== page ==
The government has set a target of vaccinating all South Africans by February 2022 as the country continues its Sisonke Covid-19 vaccine roll-out programme.
President Cyril Ramaphosa’s Cabinet announced that Phase 2 of the vaccine roll-out would start in May and would be implemented over six months.
While Phase 1 was expected to be completed by the end of March with health workers targeted to receive the first round of vaccines, Acting Minister in the Presidency, Khumbudzo Ntshavheni said the government was expected to reach its goal by May 17.
“I do not recall Minister Mkhize saying that 1.1 million health workers would be vaccinated by the end of March. What I do know is that Phase 1 is expected to conclude by May 17 with Minister Mkhize committing to 1.5 million health workers vaccinated. The Department of Health is on track to vaccinate all healthcare workers by the end of Phase 1,” she said.
Briefing the media on Thursday after the Cabinet’s meeting on Wednesday, Ntshavheni said that the roll-out programme had been extended to five vaccine sites across the country. The programme, to date, has seen more than 207 808 people vaccinated.
Phase 2 would cover more than 13.3 million people in vulnerable groups, essential workers and the occupational health and safety stream, including workers in sectors that were critical to the recovery of the country’s economy. These, Ntshavheni said, included workers in the mines, hospitality industry, taxi industry, retail and spaza shops, fruit and vegetable vendors, media and other applicable beneficiaries.
Ntshavheni said the National Coronavirus Command Council (NCCC) would also determine who would be part of the other applicable beneficiaries, such as teachers and police officers.
The vaccination sites for Phases 2 and 3 would expand to 2 085 and would also include private sector sites “to improve efficiency and speed of the vaccination roll-out programme”, she said.
From November to February 2022, Phase 3 of the vaccination roll-out programme will take place, to cover the remainder of all the population, including those who were not vaccinated in Phase 2. Phase 3 is targeting 22.6m people.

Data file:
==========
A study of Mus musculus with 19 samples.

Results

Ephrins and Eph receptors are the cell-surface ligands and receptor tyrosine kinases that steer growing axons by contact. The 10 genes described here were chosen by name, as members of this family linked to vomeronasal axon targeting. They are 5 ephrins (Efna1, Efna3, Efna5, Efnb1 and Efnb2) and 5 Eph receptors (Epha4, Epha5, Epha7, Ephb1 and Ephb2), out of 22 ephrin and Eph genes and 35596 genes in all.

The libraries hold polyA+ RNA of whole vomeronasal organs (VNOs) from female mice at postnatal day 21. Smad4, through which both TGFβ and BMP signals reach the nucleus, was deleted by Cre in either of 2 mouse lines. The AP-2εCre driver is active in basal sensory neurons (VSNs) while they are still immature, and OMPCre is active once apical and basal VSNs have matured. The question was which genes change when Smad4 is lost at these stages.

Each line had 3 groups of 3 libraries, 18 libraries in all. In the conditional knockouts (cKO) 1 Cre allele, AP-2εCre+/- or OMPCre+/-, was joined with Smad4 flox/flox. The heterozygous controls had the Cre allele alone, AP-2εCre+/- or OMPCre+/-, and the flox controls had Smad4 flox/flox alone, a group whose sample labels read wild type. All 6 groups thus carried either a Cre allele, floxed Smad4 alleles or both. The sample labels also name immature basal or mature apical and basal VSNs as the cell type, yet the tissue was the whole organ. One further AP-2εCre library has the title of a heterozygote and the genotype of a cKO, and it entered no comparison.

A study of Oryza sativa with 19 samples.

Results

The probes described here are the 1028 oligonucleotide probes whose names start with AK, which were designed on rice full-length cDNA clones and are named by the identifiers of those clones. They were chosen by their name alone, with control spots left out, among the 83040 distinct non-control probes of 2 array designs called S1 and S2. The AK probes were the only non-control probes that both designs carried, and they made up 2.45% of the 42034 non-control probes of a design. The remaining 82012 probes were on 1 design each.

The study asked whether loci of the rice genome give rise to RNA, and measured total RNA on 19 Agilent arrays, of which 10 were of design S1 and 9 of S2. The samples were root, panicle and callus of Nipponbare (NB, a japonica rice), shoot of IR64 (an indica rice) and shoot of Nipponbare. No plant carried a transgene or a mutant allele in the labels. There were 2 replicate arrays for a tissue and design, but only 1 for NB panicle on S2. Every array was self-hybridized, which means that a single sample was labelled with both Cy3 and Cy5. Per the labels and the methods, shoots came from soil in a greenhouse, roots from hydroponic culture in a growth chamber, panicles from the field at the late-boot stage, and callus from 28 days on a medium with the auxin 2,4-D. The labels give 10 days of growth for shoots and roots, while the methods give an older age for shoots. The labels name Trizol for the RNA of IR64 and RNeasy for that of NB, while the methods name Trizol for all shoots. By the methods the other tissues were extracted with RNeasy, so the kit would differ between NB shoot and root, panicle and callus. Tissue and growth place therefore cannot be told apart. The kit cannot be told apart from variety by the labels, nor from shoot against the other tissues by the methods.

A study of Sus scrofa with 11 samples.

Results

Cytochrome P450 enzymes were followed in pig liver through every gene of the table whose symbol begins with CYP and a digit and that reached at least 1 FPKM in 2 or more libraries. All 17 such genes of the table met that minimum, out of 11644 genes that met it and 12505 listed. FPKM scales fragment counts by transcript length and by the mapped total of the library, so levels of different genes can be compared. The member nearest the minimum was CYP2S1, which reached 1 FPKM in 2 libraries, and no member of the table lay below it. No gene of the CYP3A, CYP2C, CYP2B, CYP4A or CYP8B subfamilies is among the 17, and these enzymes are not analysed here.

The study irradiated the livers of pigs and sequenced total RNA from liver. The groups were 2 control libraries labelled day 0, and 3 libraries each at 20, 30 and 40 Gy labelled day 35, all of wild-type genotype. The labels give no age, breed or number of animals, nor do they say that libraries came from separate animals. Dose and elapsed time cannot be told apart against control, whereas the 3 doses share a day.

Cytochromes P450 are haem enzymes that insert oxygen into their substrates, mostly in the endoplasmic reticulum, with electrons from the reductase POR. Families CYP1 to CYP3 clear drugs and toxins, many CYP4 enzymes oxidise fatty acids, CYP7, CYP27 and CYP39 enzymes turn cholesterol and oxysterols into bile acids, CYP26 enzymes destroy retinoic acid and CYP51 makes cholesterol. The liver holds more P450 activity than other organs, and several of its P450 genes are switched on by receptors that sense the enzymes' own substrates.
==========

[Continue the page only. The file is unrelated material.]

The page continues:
Ntshavheni said that the Cabinet also welcomed the continuous arrival of the Johnson & Johnson (J&J) vaccine in the country.
She said the Cabinet was confident in the progress the South African Health Products Regulatory Authority (SAHPRA) had made in authorising the J&J vaccine for mass vaccination.
“The recent approval by the SAHPRA of the Pfizer/BioNTech Covid-19 vaccine should give the country access to more lifesaving vaccines,” Ntshavheni said.
“The Cabinet also welcomed the visit to the Biovac Manufacturing Facility in the Western Cape on March 18 by the chairperson of the Inter-Ministerial Committee (IMC) on Covid-19 Vaccines, Deputy President David Mabuza. The visit assessed the facility’s capabilities, infrastructure and investments to support vaccine manufacturing and development,” Ntshavheni said.
The partnership between Biovac and the US-based immunotherapy company, ImmunityBio, to develop South Africa’s capability to manufacture Covid-19 vaccines, will result in ImmunityBio's second-generation Covid-19 vaccine being manufactured in the country.
The Cabinet also raised concerns over the Easter, Pesach and Ramadaan celebrations contributing to a potential third wave of Covid-19 infections in the country.
Ntshavheni said the NCCC would meet to consider additional and stricter measures to be put in place over those religious holidays to avoid a resurgence of the virus over the upcoming religious events.